Wednesday, 12 April 2017

Porkies, Damn Porkies, And Statistics


The Guardian will dolefully report that the bottom 20% of households receives less than 5% of UK income, but that those in top 5% receive a whopping 40% - and they are pretty competent at making it sound like we live in a nation of gross injustices.

The problem is, as is often the case with these statistics, they speak only as though people are statically rooted to the present, and only analsyable by their financial income. Such a narrow consideration of people is bound to distort the truth. The reality shows a quite different picture.

For example, many people who show up in those stats as being in the poorer quintiles are pensioners who are retired from work and living quite comfortably in a property they paid off years ago, and with numerous state benefits on top. Another group often classed as poor will be students, whose investment in their future careers makes them appear on the radar as uncomfortably off, but who are, in fact, going to be some of the UK's higher earners.

Trying to capture people's financial situation with an off-the-peg statistical analysis doesn't take into account the temporality of their situation. Perhaps they have just started a business that will go on to do well, or perhaps they are part-time workers whose partners earn well above the median income. Perhaps they are having a bad year and next year will be better. Equally, perhaps some of the higher earners are having a good year, and next year will be worse.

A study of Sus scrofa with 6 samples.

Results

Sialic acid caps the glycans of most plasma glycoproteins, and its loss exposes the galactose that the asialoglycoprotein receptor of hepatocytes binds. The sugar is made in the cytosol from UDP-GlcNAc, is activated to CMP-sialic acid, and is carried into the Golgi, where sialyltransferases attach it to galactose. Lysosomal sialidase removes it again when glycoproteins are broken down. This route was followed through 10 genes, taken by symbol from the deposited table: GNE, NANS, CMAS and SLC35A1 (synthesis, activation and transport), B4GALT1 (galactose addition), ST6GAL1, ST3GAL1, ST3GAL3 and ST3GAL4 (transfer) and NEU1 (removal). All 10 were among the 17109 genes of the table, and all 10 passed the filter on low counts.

Suppose you go into a poor neighbourhood and talk to someone called Tom. Tom tells you he did better last year than this. You might conclude that Tom is getting poorer. Suppose you then talk to Gerry in that same neighbourhood, and he tells you that he did better this year than last. A random sample across the UK of lots of Toms would give you a perceived narrative that the poor are getting poorer. A random sample across the UK of lots of Gerrys would give you a perceived narrative that things are looking up for the poor.

All that I've said here should hopefully be enough to get you to think carefully in the future when you see these 'grossly unjust' statistics being bandied about - they very rarely tell the whole story. And if you're still wrestling with the notion that assertions about inequality are quite often misleading, I have tons of blog posts on the subject.